Dog Bite Prevention week is May 19-25, 2008. According to the Centers for Disease Control and the American Veterinary Medical Association, most dog bite victims are children, and most bites are by the family pet or another dog known to the child. More dogs are euthanized for behavior issues, including biting, than any other cause. We can help children and dogs by teaching kids and families how to read dog body language and act safely around dogs. Promoting clicker training as a hands-off way of building a bond of love and respect between child and dog is an excellent approach.

Doggone Safe is a nonprofit corporation dedicated to dog bite prevention through education and to dog bite victim support. We invite you to get involved in this work during dog bite prevention week this year. There are many things you can do during the week to provide a community service and to promote your business. Some suggestions include:

  • Post an article at your website
  • Submit an article to your local newspaper
  • Send the Doggone Safe Public Service Announcements for radio to your local radio station on behalf of your business
  • Set up a booth at a local mall or community event, or at your own location, to demonstrate clicker training and provide information about safety around dogs
  • Send out a Doggone Safe Dog Bite Prevention Week press release to your local media, customizing it with your own contact information
We can help children and dogs by teaching kids and families how to read dog body language and act safely around dogs.

Visit a school or other community group and deliver Doggone Safe's "Be a Tree" program for dog bite prevention * Print the Doggone Safe Post Office Poster and ask if you can put it up in your local post office (US only) Print and distribute the free public information resources available from Doggone Safe. (Yes, you can reprint anything you find at the Doggone Safe website, and you can customize items to include your own business contact information.) Purchase high quality, low cost coloring books, story books, posters, and stickers from Doggone Safe to give out—these can be customized with your own logo and contact information as well

Information and free downloads are available at www.doggonesafe.com to help you implement the suggestions listed above.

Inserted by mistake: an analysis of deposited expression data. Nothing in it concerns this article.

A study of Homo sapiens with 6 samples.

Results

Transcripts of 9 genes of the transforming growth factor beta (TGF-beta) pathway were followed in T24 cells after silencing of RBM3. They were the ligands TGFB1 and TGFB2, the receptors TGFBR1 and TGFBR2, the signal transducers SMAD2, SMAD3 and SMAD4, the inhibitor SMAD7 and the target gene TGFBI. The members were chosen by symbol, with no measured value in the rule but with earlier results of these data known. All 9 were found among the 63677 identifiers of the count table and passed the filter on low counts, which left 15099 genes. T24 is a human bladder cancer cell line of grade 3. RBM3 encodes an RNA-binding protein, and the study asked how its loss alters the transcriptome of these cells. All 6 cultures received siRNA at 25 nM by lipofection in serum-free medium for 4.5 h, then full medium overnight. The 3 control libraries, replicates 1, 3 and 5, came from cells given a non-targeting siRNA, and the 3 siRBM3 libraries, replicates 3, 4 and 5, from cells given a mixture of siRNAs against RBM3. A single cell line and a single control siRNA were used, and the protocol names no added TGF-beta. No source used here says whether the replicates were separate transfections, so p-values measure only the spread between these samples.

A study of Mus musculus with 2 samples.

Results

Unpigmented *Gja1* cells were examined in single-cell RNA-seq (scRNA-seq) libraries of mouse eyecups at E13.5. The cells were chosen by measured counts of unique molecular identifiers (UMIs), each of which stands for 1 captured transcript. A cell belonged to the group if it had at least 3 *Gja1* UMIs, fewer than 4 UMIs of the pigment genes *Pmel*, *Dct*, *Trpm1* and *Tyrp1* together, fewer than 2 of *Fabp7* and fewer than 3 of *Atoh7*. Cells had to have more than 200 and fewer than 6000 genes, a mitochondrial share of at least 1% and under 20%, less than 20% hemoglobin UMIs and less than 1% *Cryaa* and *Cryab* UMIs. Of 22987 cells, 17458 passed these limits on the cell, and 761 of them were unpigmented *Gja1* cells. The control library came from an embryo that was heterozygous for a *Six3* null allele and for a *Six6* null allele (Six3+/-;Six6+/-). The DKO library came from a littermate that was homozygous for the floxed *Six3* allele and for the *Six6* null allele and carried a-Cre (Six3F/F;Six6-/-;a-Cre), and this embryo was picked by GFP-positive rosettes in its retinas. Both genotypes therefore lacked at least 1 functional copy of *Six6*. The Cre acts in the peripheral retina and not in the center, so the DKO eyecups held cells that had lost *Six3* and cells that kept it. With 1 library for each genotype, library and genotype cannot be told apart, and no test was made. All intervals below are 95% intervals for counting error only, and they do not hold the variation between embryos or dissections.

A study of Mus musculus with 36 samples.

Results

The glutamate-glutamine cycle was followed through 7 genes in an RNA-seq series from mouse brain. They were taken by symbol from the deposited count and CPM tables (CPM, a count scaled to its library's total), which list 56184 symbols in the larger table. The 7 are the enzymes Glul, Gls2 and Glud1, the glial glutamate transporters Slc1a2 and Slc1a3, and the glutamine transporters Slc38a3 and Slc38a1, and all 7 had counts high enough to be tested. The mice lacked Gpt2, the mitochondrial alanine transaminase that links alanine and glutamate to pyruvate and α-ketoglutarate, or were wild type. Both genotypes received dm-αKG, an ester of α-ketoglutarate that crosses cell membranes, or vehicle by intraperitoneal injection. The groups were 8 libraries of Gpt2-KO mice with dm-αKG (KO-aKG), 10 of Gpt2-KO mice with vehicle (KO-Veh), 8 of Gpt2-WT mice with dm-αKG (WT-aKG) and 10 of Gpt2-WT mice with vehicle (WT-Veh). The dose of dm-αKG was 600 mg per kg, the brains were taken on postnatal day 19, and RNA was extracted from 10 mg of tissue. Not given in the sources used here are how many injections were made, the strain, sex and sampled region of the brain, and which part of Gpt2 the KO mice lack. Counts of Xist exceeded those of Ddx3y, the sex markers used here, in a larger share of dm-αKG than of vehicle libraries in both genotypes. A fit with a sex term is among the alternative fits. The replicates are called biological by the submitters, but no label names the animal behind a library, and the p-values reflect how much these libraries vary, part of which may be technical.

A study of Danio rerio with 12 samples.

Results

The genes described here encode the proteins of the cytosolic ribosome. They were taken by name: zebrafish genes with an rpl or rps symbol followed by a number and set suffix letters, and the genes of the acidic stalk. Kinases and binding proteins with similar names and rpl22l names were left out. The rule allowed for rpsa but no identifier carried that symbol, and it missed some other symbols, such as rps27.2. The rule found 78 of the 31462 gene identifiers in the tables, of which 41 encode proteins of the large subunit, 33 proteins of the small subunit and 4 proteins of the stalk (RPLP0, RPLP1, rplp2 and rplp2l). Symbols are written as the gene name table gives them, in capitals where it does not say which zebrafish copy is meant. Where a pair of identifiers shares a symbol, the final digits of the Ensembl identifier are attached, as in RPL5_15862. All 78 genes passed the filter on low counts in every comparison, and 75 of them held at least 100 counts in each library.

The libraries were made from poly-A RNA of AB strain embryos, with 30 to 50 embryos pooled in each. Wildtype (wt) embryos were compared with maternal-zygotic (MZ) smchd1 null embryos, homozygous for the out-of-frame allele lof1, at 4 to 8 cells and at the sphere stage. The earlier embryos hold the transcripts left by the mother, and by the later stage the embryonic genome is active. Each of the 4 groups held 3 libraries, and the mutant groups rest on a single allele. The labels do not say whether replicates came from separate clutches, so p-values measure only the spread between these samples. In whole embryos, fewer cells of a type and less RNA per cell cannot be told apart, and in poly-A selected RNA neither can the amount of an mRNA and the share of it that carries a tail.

* The "Be a Tree" program for school-aged children is Doggone Safe's flagship program. Over 500,000 children have benefited from attending this presentation, which is delivered by Doggone Safe members, public health professionals, emergency services professionals, veterinarians, veterinary technicians, dog trainers, groomers, pet sitters, teachers, and others. The "Be a Tree" program is the only dog bite prevention program to be promoted by major professional organizations, including the Ontario Veterinary Medical Association, the Saskatchewan Veterinary Medical Association, the Canadian Association of Animal Health Technologists and Technicians, and the provincial Veterinary Technician/Technologist associations across Canada.

Children learn that dogs have feelings and emotions, and that they show these in various ways.

The "Be a Tree" program is a fun and interactive program that teaches children how to read dog body language. Children learn that dogs have feelings and emotions, and that they show these in various ways. Sometimes dogs don't want to meet children, and sometimes they do. Children learn not to fear dogs, but to judge when a dog does or does not want to play or be petted. They learn to recognize the signs of a happy dog (panting and wagging his tail and sitting with his owner) and to recognize the displacement behaviors dogs show when they are anxious and don't want to interact (licking their chops, yawning, turning away, or showing a half moon of white in their eye). Children learn that a bossy type of dog may be staring with mouth closed and/or holding his tail way up in the air. Most importantly, children learn that dogs don't like hugs and kisses.

To help prevent dog bites, the program teaches children how to be a tree—stand still with your hands folded in front and "watch your roots grow," i.e. look at your feet—until the dog goes away or help arrives. Find out more about the "Be a Tree" program, and download some free activity and coloring sheets to give out to kids during Dog Bite Prevention Week at www.be-a-tree.com.